How California’s snitches are slaking thirst for justice
Reservoirs are at just 60 per cent of the historical average
Tim Walker is The Independent’s Los Angeles correspondent, covering entertainment and other concerns from the West Coast of the US. He was previously a features writer and the editor of the paper’s diary column. His first novel, Completion, is being published in January 2014.
Monday 04 August 2014
As California staggers thirstily through its worst drought in decades, the state’s more conscientious residents are employing extreme measures to curb their neighbours’ wasteful water use.
In a phenomenon known as “drought shaming”, many are calling water utility hotlines to report excessive lawn-watering or car-washing, while others snitch via social media, posting images of waste accompanied by the hashtag #DroughtShaming.
The whole of California is now officially in “severe drought”. Reservoirs are at just 60 per cent of the historical average. A recent study suggested the drought is likely to cost California $2.2bn (£1.3bn) this year, and to put approximately 17,000 agricultural labourers out of work.
In January, California Governor Jerry Brown called for a 20 per cent voluntary reduction in water use from the state, but water use decreased by just five per cent in the subsequent five months For 270 days beginning on 1 August, the California Water Resources Board has introduced fines of up to $500 for residents or businesses using drinkable water to spray down pavements, in non-circulating fountains or to water lawns and wash cars.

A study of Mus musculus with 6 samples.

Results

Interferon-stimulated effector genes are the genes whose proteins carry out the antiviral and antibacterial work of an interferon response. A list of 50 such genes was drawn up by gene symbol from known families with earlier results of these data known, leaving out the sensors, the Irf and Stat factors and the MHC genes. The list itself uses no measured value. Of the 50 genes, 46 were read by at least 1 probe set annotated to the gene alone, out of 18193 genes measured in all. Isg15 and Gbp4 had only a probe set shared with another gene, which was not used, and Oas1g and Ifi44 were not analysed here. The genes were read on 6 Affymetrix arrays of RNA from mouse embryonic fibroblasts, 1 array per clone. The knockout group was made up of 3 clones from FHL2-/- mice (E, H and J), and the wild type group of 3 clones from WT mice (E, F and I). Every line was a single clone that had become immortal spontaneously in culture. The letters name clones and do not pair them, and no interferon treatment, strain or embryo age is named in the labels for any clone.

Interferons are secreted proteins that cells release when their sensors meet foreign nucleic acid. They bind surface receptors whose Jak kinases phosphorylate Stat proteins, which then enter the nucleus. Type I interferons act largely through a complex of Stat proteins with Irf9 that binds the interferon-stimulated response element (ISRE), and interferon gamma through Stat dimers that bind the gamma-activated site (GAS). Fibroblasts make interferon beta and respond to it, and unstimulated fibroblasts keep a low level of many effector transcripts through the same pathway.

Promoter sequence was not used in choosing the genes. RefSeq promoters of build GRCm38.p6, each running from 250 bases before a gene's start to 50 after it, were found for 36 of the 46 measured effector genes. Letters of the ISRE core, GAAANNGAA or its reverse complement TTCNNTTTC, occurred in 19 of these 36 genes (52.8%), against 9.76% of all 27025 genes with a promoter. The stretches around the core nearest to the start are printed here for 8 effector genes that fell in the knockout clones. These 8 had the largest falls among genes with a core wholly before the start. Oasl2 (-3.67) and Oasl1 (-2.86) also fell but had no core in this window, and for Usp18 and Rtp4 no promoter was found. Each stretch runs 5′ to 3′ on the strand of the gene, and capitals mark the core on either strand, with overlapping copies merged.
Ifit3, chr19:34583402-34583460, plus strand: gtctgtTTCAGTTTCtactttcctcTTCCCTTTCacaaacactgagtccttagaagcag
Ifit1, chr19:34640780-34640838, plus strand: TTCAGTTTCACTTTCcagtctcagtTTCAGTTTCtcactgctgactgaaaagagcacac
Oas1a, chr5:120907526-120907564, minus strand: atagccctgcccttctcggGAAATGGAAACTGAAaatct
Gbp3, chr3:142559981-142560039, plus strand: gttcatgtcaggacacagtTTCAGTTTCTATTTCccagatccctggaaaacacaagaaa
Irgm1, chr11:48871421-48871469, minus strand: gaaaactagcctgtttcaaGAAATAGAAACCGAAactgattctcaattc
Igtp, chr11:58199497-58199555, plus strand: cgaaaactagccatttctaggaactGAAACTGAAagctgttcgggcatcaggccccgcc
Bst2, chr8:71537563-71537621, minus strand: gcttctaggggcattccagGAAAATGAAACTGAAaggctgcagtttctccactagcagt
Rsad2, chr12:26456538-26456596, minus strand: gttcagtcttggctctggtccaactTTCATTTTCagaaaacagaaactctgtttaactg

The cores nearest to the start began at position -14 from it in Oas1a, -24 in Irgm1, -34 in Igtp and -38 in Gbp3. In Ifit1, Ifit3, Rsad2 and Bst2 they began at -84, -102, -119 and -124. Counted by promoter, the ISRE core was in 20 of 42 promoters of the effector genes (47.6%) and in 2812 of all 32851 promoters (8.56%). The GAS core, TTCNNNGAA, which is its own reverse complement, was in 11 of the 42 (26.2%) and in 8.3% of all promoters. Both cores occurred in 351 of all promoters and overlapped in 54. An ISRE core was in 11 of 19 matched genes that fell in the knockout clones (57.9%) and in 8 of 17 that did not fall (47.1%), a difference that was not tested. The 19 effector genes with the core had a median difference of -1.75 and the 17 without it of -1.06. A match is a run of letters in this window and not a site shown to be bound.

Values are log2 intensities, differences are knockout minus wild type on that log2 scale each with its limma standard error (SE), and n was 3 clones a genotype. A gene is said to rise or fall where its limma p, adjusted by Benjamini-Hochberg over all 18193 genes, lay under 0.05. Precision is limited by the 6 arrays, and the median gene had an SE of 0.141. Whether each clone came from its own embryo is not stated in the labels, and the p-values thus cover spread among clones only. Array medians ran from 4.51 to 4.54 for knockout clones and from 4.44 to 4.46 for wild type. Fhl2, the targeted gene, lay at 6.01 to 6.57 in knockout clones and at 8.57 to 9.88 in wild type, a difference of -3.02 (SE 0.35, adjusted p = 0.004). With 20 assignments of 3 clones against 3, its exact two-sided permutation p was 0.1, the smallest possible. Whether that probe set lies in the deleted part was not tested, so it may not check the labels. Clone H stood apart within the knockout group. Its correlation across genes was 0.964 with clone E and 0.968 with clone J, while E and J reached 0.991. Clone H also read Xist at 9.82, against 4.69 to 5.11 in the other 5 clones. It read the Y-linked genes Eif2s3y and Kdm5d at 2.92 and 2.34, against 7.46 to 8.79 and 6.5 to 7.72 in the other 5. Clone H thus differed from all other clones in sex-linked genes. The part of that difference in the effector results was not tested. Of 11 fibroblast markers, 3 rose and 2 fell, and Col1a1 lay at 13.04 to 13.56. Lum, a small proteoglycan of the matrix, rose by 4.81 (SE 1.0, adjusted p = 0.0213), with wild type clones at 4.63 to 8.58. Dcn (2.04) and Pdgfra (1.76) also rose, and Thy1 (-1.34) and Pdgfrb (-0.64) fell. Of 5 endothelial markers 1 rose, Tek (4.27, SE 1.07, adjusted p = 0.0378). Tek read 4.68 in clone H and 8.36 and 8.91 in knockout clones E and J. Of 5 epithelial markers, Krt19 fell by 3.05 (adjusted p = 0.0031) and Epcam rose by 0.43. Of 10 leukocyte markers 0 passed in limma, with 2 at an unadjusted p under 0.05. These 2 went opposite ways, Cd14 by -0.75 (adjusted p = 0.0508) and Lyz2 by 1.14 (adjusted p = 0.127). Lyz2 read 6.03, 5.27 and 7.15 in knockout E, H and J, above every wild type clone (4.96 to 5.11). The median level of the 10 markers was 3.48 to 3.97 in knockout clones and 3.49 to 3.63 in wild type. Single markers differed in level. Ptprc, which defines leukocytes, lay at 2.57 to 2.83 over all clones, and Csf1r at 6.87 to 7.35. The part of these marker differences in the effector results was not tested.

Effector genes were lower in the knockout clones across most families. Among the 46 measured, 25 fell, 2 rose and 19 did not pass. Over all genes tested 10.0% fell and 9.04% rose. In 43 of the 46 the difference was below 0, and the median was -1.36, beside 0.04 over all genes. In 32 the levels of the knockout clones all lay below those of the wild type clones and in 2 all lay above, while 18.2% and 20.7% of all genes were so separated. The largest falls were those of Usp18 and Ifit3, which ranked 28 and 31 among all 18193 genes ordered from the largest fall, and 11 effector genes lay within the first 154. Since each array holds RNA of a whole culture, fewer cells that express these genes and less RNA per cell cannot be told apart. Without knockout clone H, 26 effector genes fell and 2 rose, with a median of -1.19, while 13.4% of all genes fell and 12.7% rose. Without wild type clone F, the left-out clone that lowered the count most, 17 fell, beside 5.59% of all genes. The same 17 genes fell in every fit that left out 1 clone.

For some, brown lawns have become a reason to boast – even the grass outside the State Capitol in Sacramento has gone unwatered. The Los Angeles Department of Water and Power has increased its “cash for grass” rebate, offering $3 to residents for every square foot of grass they replace with drought-resistant plants.
Yet even with the threat of fines, many Californians are still blithely dousing their driveways. The Sacramento Department of Utilities has reportedly fielded more than 10,000 complaints from residents so far this year – up from around 700 this time last year.
While many are taking to Twitter to name and shame offending neighbours, lengthy-showering housemates and golf courses, at least two smartphone apps have emerged as efficient drought shaming platforms. H20 Tracker allows users to inform city authorities instantly of a neighbour’s excessive water use, sending a report and pictures with just a few keystrokes.